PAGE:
Ann Cummins discusses her first novel, Yellowcake
Why is your novel titled Yellowcake?
My novel is set in the uranium-rich lands of the American Southwest, the Four Corners area, including the San Juan Mountains of Colorado and the Navajo Indian reservation in northern New Mexico and Arizona. My subject is the lives of Navajos and Anglos for whom the mining and milling of uranium was a way of life from the fifties through the early seventies. Yellowcake, a controversial energy source used to power both nuclear bombs and power plants, comes from processed uranium ore. I titled my novel Yellowcake in part because the making of yellowcake was such an important element of my characters' lives, but also because it's a long-lived energy source emitting radiation for years after the ore is mined. My novel is set in 1991, twenty years after the closing of many uranium mines and mills on the Colorado Plateau, but my characters continue to feel the industry's effects in many ways physically, emotionally, and spiritually. History and the present converge in the characters. Yellowcake, or rather the "half-life" of the processed ore, represents the echoes and consequences of historical events and how they play out in the present.
So is it like the Karen Silkwood story about environmental hazards associated with uranium?
Only a small part of the story explores environmental hazards. I'm more interested in creating complex characters driven by a range of interests in the land and in each other. I tell the story from five points of view. One character, an ailing man in his sixties, a former uranium mill foreman, comes from generations of miners and has always seen mining as his legacy, his right. Even though he's sick, he is not quick to blame, and environmentalists irritate him. Another, a twenty-five-year-old Navajo woman whose father worked in the mill and was diagnosed with cancer at an early age, is angry at the industry, and yet she feels conflicted, too. She turns to Western medicine to help her father and thereby alienates her Navajo grandmother, who is as suspicious of Western medicine as of the uranium industry that she believes made her son sick. My other characters play out different conflicts. An Anglo mill worker who had an affair with a Navajo woman who was a rodeo pro obsesses about his lover twenty years later, though he rarely sees her. His mixed-blood son, virtually fatherless and raised by a mother who was always on the road, has grown up to be a solo flyer. For this young man family is tenuous; he has come to believe he has only himself to rely on, but still his big passions get him into trouble. There is also the story of a uranium mill divorcée who lives in the half-life of a marriage gone bad, still haunted by memories of her ex-husband.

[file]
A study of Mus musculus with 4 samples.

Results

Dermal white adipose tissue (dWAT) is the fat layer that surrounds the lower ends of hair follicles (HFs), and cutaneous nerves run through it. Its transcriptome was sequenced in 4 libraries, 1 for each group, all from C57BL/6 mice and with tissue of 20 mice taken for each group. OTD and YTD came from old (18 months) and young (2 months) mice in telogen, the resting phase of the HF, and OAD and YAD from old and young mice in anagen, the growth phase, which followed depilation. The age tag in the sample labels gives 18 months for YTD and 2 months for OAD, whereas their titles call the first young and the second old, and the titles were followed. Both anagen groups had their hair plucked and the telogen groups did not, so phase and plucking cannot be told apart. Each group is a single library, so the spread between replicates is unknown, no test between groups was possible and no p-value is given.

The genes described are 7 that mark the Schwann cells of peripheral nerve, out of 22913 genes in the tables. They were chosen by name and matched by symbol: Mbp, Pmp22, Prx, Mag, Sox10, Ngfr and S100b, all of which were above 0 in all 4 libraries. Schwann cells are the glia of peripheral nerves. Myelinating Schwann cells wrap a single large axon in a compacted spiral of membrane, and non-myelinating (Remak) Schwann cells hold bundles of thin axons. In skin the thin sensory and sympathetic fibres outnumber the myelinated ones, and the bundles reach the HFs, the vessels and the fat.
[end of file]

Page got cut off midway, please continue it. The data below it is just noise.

Why did you choose this subject?
I grew up in the Colorado Plateau area and, like some of my characters, I'm from generations of Colorado miners. So the history and landscape are personal to me. My father was a uranium mill worker in Durango, Colorado, and his company began operating a mill in Shiprock, New Mexico, on the Navajo reservation when I was nine. So the reservation, too, is personal to me. I lived there for nine years and went to public school there.
To what degree does autobiography play into your fiction?
It's interesting to answer that question at the end of a project rather than at the beginning. When I started this novel, my intent was to write a story based on my parents' marriage, using the uranium industry for plot. My parents had a long marriage; my father was sick for the last nine years of it, and my mother took care of him until he died. It was hard work and literally broke her back. To be honest, such a burden frightens me, so I wanted to create characters that would allow me to explore that sort of commitment. I had Tilly Olsen's Tell Me a Riddle at the back of my mind. That book, so brutal and beautiful, is such a moving portrayal of a marriage that has atrophied under the burden of historical events in Olsen's case, the Holocaust that continue to play out for decades in the characters' minds. I wrote a couple of hundred pages about this testy old guy bucking against his growing dependence on others, who all blame his work in uranium for his illness. As usually happens with my characters, this guy quickly developed into somebody very different from my father. As the story develops, the characters encounter problems, and they have to improvise to solve them.
Improvisation is the life source for my characters, who, through the drafts of the book, matured into wholly unique people. I was pretty happy with how my couple wrestled with each other, but the book was turning into bitter medicine because the subject was illness. My editor suggested I try some other points of view to broaden the story. It was a great suggestion. It got me out of the sick room and into New Mexico's high northern desert, a landscape I love, and it allowed me to do something that frightens me, writing from the perspective of characters who are racially and culturally different from me. Risky business, I think, but a challenge worth taking, especially when trying to tell how these events affected a diverse community. I find character-driven fiction liberating. Ultimately, I'm interested in creating individuals, not races or cultures, though I guess individuality, race, and culture are intertwined. It helps to know something about the people one auditions for fiction, which brings me back to autobiography. This is a novel about the kinds of people I grew up among, set in a place I know well, but while the characters and story germinated in fact, they matured in the imagination.
Unless otherwise stated, this interview was conducted at the time the book was first published, and is reproduced with permission of the publisher. This interview may not be reproduced or reprinted without permission in writing from the copyright holder.